According to the California Department of Water Resources, climate change is already having an impact on California’s water resources and the Sacramento-San Joaquin Delta. Existing climate change models predict that warmer temperatures, changing patterns of precipitation and run-off and rising sea levels will profoundly affect the Delta ecosystem and ecology.

The Public Policy Institute of California points out that climate change has particularly serious implications for the Delta’s weakened levee system.  Climate change is expected to increase flood risks as sea levels rise.

“The Pacific Institute found that 55 inches of sea level rise, near
the high end of projections for 2100, will put nearly half a million residents at high risk of flooding and threaten critical infrastructure, including airports and 3,550 miles of roadways. Risk prevention plans that also protect coastal ecosystems are needed.” – PPIC

The California WaterFix raises similar concerns about the Delta’s current ability to sustain the potential associated impacts of climate change, including the Delta’s aging levee system.  The WaterFix goes on to further propose water system upgrades to address these would be disastrous effects.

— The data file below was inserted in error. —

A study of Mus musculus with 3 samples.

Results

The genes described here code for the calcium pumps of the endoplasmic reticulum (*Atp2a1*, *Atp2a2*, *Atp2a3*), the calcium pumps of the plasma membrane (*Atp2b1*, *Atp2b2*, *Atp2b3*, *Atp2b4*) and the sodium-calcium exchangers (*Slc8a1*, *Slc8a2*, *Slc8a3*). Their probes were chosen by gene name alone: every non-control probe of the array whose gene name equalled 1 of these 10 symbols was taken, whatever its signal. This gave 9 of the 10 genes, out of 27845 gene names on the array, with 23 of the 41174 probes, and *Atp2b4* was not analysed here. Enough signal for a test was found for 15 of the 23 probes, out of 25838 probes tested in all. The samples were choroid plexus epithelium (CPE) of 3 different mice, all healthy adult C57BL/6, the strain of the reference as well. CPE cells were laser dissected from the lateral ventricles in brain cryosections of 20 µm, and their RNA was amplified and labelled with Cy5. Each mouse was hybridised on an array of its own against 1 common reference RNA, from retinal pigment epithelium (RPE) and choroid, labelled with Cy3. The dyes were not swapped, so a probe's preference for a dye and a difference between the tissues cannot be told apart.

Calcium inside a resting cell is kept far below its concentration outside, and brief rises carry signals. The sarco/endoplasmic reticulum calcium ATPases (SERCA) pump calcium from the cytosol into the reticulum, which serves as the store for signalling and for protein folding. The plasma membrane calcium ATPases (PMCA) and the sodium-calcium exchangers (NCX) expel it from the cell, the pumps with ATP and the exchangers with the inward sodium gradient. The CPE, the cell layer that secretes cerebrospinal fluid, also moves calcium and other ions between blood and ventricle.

Climate Change map_PPIC
Image Source: PPIC

The Public Policy Institute of California put out an additional report discussing California’s future in relation to climate change. While also discussing the risk of flooding, the reports adds climate change effects are likely to include more frequent droughts and higher temperatures causing more rain rather than snow.

Snowpack is a key component to California’s water supply system.  While rains may fill reservoir, rivers, and streams, these supplies are often diminished during warmer months.  Just as spring months begin to increase water usage, snowpack begins to melt refilling much of the reservoirs’ supply.  Without snowpack, the state’s water system will require significant changes. Additionally, if rain fall significantly increases, these additional flows will further increase flood risk.

As California begins to see a changing climate, adaptations and infrastructure upgrades will be needed.  The Delta should be a priority for many of these improves in order to protect residents, businesses and the state’s main water supply hub.